In light of the current digital transformation, it’s more critical than ever before to have a comprehensive view of the customer. The modern consumer has unlimited access to digital information right at his fingertips and makes purchase decisions more confidently and from a more mature and informed place than his parents and grandparents, who viewed lifelong customer loyalty as a central pillar of German virtues. Add to that the breathtaking speed at which trends and preferences – and thus the markets – are changing, and it’s clear that keeping a finger on the consumer pulse is imperative.

According to a global KPMG survey, a full 88 percent of German CEOs are “fairly” or “very” concerned about customer loyalty. 61 percent are “fairly” or even “extremely” worried that their own business model could be disrupted by new competitors. 55 percent doubt whether their own products or services will even be in demand three years from now.

The good news:

There’s more information available than ever before to gain insight into the minds of customers and thus to help companies understand what drives purchase options and to react quickly to changes or new trends.

Alongside classic systems like CRM, marketers have access to innumerable consumer touch points such as e-mail, social media or call center notes.

The supposed downside: With traditional tools such as Business Intelligence (BI), it is very difficult to garner and process the information which consists increasingly of unstructured data – in a way that facilitates rapid and informed decisions.

What’s to be done?

Admittedly, the concept of BI arose at a time in which the amount of data was manageable and conveniently located in databases over which – much to the chagrin of business users – the IT department had exclusive control when it came to how applications were used, and only power-users could actually understand how to wield the mighty tools.  However, the current demand for BI is on the rise and Gartner forecasts a worldwide sales increase of 5.2 percent to 16.9 billion US dollars for this year.

What is needed today are systems that can be handled by the relevant business departments and which also have the ability to integrate a variety of data sources, both structured or unstructured, in their analysis. While modern self-service business intelligence (SSBI) solutions have made significant headway in enabling business users to access and work with corporate data without needing a techy or statistical analysis background, they quickly hit a wall when it comes to their ability to process unstructured data.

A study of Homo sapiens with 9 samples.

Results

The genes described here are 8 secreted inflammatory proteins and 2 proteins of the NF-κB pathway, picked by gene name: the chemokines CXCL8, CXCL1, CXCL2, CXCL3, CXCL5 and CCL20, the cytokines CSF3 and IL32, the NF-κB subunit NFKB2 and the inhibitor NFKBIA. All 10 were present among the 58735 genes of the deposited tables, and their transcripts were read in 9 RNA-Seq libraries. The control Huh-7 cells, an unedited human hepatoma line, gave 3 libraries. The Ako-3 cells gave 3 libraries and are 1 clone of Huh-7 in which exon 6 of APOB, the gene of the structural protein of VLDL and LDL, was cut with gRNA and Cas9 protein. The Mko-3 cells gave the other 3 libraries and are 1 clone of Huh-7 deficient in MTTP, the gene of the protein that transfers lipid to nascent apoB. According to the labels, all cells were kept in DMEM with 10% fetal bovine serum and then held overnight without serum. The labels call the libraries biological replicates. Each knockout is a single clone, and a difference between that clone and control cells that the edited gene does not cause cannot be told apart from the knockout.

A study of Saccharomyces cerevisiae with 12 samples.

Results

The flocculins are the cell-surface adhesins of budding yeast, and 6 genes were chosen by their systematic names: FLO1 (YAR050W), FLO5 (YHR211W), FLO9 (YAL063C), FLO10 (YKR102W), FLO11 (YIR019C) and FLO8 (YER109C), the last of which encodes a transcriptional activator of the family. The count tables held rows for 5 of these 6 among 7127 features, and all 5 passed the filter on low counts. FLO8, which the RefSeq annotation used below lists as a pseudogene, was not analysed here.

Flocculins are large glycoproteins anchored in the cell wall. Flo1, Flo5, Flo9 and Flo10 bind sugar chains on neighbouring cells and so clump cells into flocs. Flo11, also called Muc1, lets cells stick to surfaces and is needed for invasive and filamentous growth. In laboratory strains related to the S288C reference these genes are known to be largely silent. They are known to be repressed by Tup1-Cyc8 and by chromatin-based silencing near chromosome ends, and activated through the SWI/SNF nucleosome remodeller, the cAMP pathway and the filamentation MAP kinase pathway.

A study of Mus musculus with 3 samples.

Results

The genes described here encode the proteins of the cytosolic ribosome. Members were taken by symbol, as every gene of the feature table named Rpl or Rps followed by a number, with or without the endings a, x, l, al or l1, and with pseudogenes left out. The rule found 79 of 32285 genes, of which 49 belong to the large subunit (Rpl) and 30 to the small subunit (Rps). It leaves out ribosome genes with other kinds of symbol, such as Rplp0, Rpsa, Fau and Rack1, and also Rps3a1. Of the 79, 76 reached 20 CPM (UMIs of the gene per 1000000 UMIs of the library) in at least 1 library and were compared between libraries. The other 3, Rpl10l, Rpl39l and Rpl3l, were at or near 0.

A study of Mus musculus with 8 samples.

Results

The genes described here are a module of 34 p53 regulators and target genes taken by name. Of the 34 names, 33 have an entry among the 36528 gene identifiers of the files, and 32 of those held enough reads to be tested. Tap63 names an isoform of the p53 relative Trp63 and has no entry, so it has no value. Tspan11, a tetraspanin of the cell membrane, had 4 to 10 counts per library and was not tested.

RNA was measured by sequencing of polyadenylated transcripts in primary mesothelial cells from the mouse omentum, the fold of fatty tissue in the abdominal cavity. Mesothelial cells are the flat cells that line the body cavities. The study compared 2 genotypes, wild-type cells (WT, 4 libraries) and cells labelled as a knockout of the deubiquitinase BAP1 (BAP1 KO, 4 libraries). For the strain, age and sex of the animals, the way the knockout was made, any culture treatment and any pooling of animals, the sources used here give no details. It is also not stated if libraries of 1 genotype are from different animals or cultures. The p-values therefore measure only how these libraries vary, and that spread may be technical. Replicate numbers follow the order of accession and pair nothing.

The solution to this dilemma is Search-driven Business Intelligence. It combines the best of the BI world with the benefits of the big data environment. Big data analytics not only has the wherewithal to handle the rapidly growing data conglomeration, but, with intelligent functions like semantic analysis of text documents or even videos, it can also gracefully manage to transform unstructured data into structured information and integrate it into BI system analysis.

What does that mean in practice?

Suppose an insurance company wants to get to know its customers better in order customize its marketing campaign. The challenge is to have access in the analysis and planning to all available information about a particular group of customers – that also includes damage reports, contract changes or customer requests, all of which is often unstructured in the form e-mails or letters. Manually entering and incorporating the relevant data into the database is both time consuming and error prone.

The system analyzes an email or the PDF of a scanned letter, extracts relevant information like date of birth or policy and address information, uses keywords such as “home” and “burglary”, which are placed in a semantic context, to recognize and classify the data and its source. With the appliance’s machine-learning capabilities, this continuous process becomes even more accurate the longer the system is in use.

The Chief Marketing Officer, armed with accessible and applicable information which has been classified, intelligently processed and linked to other sources such as CRM, now possesses a comprehensive picture of the individual customer and customer groups. A web portal, which is as easy to use as an online search engine, can be used to refine the search and combine and query the data in whatever way necessary to get personalized, customized results and analyses. Using dashboard-typical visualization elements such as pie charts and timelines, the CMO can quickly recognize the patterns and trends that will help her to design the marketing campaign.

This level of sophistication and technology transforms scattered and unstructured customer information into data-driven and data-informed insights that will ultimately help businesses tune into the complexities of customer behavior and loyalty and ensure that a company‘s marketing messages are timely, customized and relevant.  This functionality can be practically and effectively applied not only in the insurance sector but also in countless other lines of business.